Note: This is a spoiler-free Jumanji: Welcome To The Jungle review
Jumanji is a nineties classic. There’s no two ways about that fact. And when rebooting a classic, production companies need to be careful. With great success comes Jurassic World. With great failure comes The Mummy. Jumanji: Welcome To The Jungle doesn’t necessarily try to recreate the original, but it’s hard to get it out of my head nonetheless.
Using comedy and action as a crutch, Jumanji: Welcome To The Jungle lacks story and proves inferior to the original. As a standalone film, it’s a viable popcorn holiday movie.
If you’re looking for a comedy standout, look for further than Kevin Hart. Everyone takes a shot at their own jokes, but Hart stands head and shoulders above the rest as zoologist Moose Finbar. The juice of Welcome To The Jungle comes from one-liners, and Hart delivers those with excellence. He features a little physical comedy as well, which adds to the character.
While Hart stands out the most, the clear protagonist of Welcome To The Jungle is Dr. Smolder Bravestone, played by Dwayne Johnson. Part of the film’s charm is four high school kids getting sucked into the game and playing characters that are the opposite of who they are in real life. That is never clearer than with avatar Bravestone and his high school player, Spencer. Bravestone is an overwhelming hero with no weaknesses, while Spencer is afraid of Squirrels. That contrast has Johnson playing a terrified boy inside a man’s body at times, which makes for some good laughs.
Johnson and Hart have great chemistry both on and off camera, and that dynamic shines in Jumanji: Welcome To The Jungle.
The two avatar characters play a role-reversal with high schoolers controlling them, which makes for a funny dynamic between the two. Here lies the hero-sidekick relationship of many action-adventure movies.
Also of note is Jack Black, who plays professor Shelly Oberon. In case you didn’t know before, Shelly can be both a girl and a boy’s name. That is the issue for young Bethany, who is the popular girl in high school and thinks she picked an avatar of the same sex. To her surprise, her character actually looks like Jack Black. I said Bravestone and Spencer are the biggest contrasts in character, but I probably lied. As a result, we get Black playing an 18-year-old, superficial girl.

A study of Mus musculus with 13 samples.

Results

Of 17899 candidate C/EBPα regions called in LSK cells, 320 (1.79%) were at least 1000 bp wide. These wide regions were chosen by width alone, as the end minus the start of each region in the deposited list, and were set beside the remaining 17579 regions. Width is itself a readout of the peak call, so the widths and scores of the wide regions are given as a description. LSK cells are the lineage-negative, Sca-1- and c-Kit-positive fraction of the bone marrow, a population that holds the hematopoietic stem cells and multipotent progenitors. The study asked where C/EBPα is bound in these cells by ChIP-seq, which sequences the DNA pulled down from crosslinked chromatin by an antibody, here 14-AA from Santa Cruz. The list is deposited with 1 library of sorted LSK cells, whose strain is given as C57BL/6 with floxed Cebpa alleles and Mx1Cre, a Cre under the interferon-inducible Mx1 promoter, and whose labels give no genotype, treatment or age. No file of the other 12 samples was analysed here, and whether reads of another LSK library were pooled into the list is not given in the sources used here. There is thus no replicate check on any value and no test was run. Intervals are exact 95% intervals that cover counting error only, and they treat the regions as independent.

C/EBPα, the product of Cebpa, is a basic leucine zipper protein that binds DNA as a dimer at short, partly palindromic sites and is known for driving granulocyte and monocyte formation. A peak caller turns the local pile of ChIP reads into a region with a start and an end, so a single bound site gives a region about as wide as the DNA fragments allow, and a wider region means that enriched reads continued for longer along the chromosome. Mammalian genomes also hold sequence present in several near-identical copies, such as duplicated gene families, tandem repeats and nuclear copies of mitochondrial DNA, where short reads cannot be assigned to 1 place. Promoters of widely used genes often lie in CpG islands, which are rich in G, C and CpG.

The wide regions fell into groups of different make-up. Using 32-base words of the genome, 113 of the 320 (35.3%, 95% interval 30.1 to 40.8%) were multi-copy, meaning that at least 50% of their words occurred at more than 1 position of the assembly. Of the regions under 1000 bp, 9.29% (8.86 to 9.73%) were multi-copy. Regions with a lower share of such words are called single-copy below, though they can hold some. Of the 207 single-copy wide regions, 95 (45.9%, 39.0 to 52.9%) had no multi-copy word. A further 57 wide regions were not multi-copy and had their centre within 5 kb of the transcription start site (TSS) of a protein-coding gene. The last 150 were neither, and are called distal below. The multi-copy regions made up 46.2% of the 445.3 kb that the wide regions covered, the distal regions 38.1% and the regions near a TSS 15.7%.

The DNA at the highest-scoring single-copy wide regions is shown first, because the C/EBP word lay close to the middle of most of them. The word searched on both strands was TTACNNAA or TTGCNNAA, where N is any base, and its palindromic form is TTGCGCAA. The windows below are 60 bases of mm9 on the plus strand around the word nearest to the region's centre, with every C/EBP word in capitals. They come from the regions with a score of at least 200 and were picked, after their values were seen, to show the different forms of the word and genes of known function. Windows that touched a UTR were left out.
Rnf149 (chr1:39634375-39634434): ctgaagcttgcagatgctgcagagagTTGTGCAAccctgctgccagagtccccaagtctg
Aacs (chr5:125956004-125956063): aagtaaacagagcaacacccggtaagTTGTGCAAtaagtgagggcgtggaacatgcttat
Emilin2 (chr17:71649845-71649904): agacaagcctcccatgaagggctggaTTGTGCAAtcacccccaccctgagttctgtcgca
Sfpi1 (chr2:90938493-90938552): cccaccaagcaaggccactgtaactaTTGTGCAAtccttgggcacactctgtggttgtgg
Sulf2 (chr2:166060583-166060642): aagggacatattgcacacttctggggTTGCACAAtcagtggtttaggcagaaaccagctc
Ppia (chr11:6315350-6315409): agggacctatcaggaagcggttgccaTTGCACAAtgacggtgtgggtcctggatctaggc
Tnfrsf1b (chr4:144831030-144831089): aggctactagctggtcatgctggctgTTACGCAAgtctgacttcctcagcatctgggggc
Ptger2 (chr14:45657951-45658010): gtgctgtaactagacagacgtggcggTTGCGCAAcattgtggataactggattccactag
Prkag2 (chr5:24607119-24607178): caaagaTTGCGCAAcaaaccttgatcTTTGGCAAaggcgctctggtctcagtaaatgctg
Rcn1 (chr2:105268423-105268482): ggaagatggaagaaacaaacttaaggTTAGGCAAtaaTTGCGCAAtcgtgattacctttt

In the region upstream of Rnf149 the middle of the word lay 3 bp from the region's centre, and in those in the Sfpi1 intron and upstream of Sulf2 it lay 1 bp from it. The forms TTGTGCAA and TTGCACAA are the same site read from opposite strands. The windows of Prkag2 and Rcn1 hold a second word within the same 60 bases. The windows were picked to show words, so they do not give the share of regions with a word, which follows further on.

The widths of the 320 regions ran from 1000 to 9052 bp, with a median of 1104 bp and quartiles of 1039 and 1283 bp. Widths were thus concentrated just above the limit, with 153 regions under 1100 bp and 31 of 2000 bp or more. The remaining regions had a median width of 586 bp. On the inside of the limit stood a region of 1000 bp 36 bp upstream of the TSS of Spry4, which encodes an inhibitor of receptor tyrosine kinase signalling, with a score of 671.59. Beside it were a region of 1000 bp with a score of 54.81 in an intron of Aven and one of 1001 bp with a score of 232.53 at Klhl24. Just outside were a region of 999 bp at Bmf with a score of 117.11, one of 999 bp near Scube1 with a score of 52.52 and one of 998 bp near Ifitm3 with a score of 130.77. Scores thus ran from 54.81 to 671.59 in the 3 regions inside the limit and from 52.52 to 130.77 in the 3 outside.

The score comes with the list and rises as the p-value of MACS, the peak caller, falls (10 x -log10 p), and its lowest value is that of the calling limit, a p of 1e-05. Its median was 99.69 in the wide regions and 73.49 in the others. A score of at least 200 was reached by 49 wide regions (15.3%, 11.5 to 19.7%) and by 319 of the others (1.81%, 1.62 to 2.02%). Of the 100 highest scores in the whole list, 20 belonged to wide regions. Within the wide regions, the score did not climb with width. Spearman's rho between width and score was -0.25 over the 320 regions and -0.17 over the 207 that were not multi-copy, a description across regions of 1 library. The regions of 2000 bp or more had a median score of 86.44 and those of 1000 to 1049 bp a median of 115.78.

Black’s jokes are hit and miss, but the ones that hit are some of the funniest in the film. He also has a running joke involving the contrast between avatar and player that plays very well.
A Story Lost In The Trees
You may notice I’ve talked all about Jumanji: Welcome To The Jungle’s comedy so far and mentioned nothing about, well, Jumanji itself. There’s a reason for that. The movie is, for a lack of a better term, corny. Really corny actually. The writing is pretty subpar and the story development isn’t really there, but what can you expect from a Jumanji reboot, I guess. No hurt feelings there. The film does go for multiple heartfelt moments, however, and none of them land. The story of the game feels rushed as well. The entire story feels a bit forced.
I will give credit for the effort in a callback to the first Jumanji — there is a cool homage there to look out for.
Should I Go See Jumanji: Welcome To The Jungle?
Comedy, action, and adventure good! Story, development, and serious moments not so good. In other words, popcorn movie. If you’re a fan of Johnson, Hart, Black, or just turning your brain off for two hours go for it. Otherwise, wait for the online release.